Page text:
Whispers in the Dark
Author: Matt Corely
Publisher: Saturday Morning Scenarios
Page Count: 12
Available Formats: PDF
PDF (DTRPG) – $1.99
In late Victorian Era England, naughty children were told stories of a hopping devil that would spirit them away for their misdeeds, pranks, and shenanigans. If they weren’t good little boys and girls, this springing devil would find them, scare them near to death, and if they were especially wicked, take them away.
Spring-Heeled Jack is universally described as a fiend with clawed hands and glowing eyes. The “spring” in his name is derived from his uncanny and preternatural jumping ability. Spring-Heeled Jack is reported to have a wide array of appearances, including varying attire, gender, and mannerisms. One 1838 report even claims he vomited balls of blue-white flame. Historically sightings were limited to 19th century England, albeit with regional variances; it is easy to envision such a character in other urban settings during this period.
With a modest number of reported sightings regarding Spring-Heeled Jack, some from prominent English society members, Jack can easily serve as a unique antagonist in any 19th-century game. This is exactly what the author, Matt Corely, did with this supplement. Presenting Spring-Heeled Jack as a playable antagonist befitting the period.
Spring-Heeled Jack is a 12-page* supplement written for the Whispers in the Dark roleplaying game, a game set in the American Victorian Era. The supplement provides a historical overview of Spring-Heeled Jack’s sightings beginning in the 1830s and into the Victorian Era. This historical overview is a fun, short read, but readers wanting a deeper understanding of Spring-Heeled Jack’s urban legend are advised to do additional research. Furthermore, Spring-Heeled Jack and Jack the Ripper are entirely different legends that should not be confused with one another.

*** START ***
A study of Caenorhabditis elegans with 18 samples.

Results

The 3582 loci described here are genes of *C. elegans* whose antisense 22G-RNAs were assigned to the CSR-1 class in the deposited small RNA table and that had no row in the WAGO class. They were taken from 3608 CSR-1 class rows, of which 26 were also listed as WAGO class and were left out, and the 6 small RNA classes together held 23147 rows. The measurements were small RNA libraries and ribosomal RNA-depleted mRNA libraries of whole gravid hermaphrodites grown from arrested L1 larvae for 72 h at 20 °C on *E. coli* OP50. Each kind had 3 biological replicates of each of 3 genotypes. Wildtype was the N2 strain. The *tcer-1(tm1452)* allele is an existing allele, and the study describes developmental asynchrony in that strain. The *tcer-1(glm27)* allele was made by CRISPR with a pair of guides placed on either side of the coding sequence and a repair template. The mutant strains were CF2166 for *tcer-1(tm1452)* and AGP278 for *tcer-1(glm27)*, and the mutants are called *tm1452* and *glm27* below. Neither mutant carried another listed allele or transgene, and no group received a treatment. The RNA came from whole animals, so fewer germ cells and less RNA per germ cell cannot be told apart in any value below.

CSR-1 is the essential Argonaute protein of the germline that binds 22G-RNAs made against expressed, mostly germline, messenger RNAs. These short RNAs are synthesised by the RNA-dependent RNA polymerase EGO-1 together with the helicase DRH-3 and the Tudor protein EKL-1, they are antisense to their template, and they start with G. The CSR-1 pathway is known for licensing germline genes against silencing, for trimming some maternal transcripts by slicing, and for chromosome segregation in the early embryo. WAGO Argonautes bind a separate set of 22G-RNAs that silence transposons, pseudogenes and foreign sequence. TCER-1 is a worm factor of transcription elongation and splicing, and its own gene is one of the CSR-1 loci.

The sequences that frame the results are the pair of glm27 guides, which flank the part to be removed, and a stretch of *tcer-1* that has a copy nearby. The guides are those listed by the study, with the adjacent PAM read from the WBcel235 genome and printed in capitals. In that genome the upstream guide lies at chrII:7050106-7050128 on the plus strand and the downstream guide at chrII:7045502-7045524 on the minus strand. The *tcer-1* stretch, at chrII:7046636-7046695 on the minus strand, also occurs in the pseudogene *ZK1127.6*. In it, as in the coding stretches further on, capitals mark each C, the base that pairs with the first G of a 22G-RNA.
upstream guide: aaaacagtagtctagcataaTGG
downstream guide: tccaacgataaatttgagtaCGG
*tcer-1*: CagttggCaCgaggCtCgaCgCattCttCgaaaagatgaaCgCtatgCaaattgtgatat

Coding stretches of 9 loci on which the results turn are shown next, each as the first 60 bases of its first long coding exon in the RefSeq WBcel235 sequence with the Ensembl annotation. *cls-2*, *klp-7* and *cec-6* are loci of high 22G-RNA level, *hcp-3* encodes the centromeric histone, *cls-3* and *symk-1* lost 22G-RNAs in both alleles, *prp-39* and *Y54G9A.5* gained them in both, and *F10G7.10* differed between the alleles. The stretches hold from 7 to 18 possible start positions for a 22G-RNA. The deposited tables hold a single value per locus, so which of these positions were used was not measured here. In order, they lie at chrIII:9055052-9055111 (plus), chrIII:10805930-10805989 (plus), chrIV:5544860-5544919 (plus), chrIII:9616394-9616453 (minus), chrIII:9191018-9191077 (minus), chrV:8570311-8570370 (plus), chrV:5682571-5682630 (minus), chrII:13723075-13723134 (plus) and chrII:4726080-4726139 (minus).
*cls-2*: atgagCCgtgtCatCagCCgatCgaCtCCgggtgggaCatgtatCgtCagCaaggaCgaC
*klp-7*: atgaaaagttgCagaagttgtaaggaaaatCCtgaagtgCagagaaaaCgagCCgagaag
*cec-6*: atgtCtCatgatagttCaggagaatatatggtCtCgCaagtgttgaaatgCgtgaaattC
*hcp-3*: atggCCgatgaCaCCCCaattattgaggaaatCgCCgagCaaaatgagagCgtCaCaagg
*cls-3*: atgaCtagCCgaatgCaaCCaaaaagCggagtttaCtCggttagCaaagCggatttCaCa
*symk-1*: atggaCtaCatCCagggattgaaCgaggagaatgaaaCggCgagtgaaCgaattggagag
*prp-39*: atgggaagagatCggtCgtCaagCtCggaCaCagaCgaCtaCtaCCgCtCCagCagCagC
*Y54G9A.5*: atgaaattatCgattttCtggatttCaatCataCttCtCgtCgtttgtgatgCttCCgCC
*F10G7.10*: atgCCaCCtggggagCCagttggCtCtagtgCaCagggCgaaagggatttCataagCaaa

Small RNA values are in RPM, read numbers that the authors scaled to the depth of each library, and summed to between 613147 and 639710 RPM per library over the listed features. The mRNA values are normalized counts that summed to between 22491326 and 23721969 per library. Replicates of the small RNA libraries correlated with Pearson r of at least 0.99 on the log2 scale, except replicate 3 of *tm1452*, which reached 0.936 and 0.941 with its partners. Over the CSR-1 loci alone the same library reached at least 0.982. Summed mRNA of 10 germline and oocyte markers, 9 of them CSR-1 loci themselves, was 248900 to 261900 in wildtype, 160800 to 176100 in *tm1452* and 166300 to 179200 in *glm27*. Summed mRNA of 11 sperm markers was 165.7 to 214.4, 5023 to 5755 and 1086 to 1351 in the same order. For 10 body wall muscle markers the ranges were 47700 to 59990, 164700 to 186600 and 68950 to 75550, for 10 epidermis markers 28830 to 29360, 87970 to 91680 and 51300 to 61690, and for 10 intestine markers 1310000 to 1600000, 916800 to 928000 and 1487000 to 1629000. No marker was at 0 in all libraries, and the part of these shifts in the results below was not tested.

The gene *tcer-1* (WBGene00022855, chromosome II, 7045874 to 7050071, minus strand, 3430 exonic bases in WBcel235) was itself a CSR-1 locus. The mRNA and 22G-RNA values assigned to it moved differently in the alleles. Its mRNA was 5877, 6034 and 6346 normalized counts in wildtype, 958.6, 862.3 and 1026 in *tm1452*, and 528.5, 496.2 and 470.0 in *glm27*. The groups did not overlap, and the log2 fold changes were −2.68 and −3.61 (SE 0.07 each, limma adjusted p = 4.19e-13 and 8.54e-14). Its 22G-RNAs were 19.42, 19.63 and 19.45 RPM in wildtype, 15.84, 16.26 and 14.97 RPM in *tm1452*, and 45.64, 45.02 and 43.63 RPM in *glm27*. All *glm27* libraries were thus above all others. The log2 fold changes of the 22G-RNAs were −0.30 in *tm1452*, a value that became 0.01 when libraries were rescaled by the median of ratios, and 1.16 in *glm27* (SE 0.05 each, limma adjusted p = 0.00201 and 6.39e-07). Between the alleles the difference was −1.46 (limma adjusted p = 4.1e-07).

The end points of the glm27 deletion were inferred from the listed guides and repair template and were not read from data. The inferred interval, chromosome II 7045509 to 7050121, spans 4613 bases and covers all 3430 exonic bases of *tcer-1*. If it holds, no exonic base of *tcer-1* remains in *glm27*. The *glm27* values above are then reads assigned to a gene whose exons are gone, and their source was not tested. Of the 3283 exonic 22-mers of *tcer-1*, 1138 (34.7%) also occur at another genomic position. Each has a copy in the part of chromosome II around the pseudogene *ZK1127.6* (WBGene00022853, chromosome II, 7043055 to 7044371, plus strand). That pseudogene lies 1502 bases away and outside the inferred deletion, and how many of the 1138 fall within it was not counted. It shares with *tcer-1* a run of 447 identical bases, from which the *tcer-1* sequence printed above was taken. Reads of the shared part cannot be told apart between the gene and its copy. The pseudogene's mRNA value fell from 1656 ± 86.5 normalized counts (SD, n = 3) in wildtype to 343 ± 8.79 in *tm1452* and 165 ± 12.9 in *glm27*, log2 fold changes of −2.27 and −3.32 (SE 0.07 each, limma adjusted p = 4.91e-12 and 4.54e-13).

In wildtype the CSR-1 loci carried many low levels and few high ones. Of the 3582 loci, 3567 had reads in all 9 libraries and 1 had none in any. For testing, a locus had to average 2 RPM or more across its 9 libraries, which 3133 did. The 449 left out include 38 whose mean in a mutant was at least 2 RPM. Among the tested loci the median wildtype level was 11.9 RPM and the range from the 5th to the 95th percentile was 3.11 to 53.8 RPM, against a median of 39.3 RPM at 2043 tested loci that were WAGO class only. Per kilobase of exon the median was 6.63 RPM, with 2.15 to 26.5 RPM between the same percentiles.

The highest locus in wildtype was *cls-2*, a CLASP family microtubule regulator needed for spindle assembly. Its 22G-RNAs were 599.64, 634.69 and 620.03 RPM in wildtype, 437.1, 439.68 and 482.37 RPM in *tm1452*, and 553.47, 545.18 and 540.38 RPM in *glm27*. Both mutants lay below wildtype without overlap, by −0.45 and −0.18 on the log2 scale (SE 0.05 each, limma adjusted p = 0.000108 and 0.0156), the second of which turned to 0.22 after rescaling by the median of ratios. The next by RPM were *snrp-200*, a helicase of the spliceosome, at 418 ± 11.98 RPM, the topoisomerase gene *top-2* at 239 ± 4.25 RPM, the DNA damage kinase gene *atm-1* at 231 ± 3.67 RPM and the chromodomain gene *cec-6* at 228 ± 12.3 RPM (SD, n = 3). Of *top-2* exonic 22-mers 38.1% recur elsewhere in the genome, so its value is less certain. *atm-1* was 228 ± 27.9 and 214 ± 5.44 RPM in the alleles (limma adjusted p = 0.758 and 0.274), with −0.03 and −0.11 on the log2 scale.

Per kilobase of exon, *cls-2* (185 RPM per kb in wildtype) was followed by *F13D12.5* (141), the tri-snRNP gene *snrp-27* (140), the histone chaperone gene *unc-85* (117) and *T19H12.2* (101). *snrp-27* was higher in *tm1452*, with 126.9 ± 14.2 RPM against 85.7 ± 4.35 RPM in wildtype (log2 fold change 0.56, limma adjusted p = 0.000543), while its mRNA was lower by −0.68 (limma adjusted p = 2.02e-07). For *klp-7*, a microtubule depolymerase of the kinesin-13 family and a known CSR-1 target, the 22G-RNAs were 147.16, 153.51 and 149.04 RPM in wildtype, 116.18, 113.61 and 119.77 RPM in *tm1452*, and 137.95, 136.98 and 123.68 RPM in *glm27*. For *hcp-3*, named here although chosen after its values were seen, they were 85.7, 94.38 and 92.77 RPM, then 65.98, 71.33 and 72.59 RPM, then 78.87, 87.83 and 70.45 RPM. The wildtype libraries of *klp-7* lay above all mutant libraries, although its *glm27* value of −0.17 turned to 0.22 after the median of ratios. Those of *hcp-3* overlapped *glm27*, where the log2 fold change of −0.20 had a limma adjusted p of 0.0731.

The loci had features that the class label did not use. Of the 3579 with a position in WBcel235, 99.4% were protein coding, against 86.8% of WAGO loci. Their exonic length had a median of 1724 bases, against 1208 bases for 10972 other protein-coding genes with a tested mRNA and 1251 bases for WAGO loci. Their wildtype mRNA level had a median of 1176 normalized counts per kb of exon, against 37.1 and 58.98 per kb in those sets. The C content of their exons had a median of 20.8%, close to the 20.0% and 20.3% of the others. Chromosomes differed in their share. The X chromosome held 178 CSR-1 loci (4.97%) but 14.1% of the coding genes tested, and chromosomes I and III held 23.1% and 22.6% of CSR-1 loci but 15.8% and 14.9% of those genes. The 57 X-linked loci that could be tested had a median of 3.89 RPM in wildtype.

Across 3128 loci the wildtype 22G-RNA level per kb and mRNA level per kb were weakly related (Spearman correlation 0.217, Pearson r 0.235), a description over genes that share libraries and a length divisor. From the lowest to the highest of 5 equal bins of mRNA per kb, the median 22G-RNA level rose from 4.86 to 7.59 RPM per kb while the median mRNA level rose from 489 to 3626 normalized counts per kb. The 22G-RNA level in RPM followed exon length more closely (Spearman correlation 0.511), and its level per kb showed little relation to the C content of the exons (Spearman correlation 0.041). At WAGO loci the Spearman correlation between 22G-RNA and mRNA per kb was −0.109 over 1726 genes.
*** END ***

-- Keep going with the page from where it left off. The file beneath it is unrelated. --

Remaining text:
Spring-Heeled Jack is presented in two fully stated versions—Gentleman Jack and Devil Jack. The supplement has three ways to present Jack within Whispers in the Dark stories—anti-hero, prankster, or malevolent villain. The Gentleman Jack is more suited as the anti-hero or the prankster, while the Devil Jack is best suited as the malevolent villain but can easily take on the prankster’s persona. Regardless of how the GM presents Jack, each entry has a scenario hook that showcases this particular version of Jack. Other than the stat blocks, it’s a system-agnostic product, and GMs should little difficulty using the information (or converting the stats) in other game systems.
* Note: although 12 pages in length, only six pages present gaming content. The remaining pages are cover, advertisements, and front and back matter (e.g., credits and OGL).
I enjoy brief supplements like these, especially if they are focused on urban legends. More so, if I can easily adapt the information to a variety of game systems. Spring-Heeled Jack’s stories transcend specific locations and are easily dropped in any other Victorian or Gothic urban setting. The layout and art style is in keeping with the Whispers in the Dark: Quickstart Rules, and the information is adaptable to other games of the same time period. Spring-Heeled Jack hits the mark for me. It is short, concise, and well put together.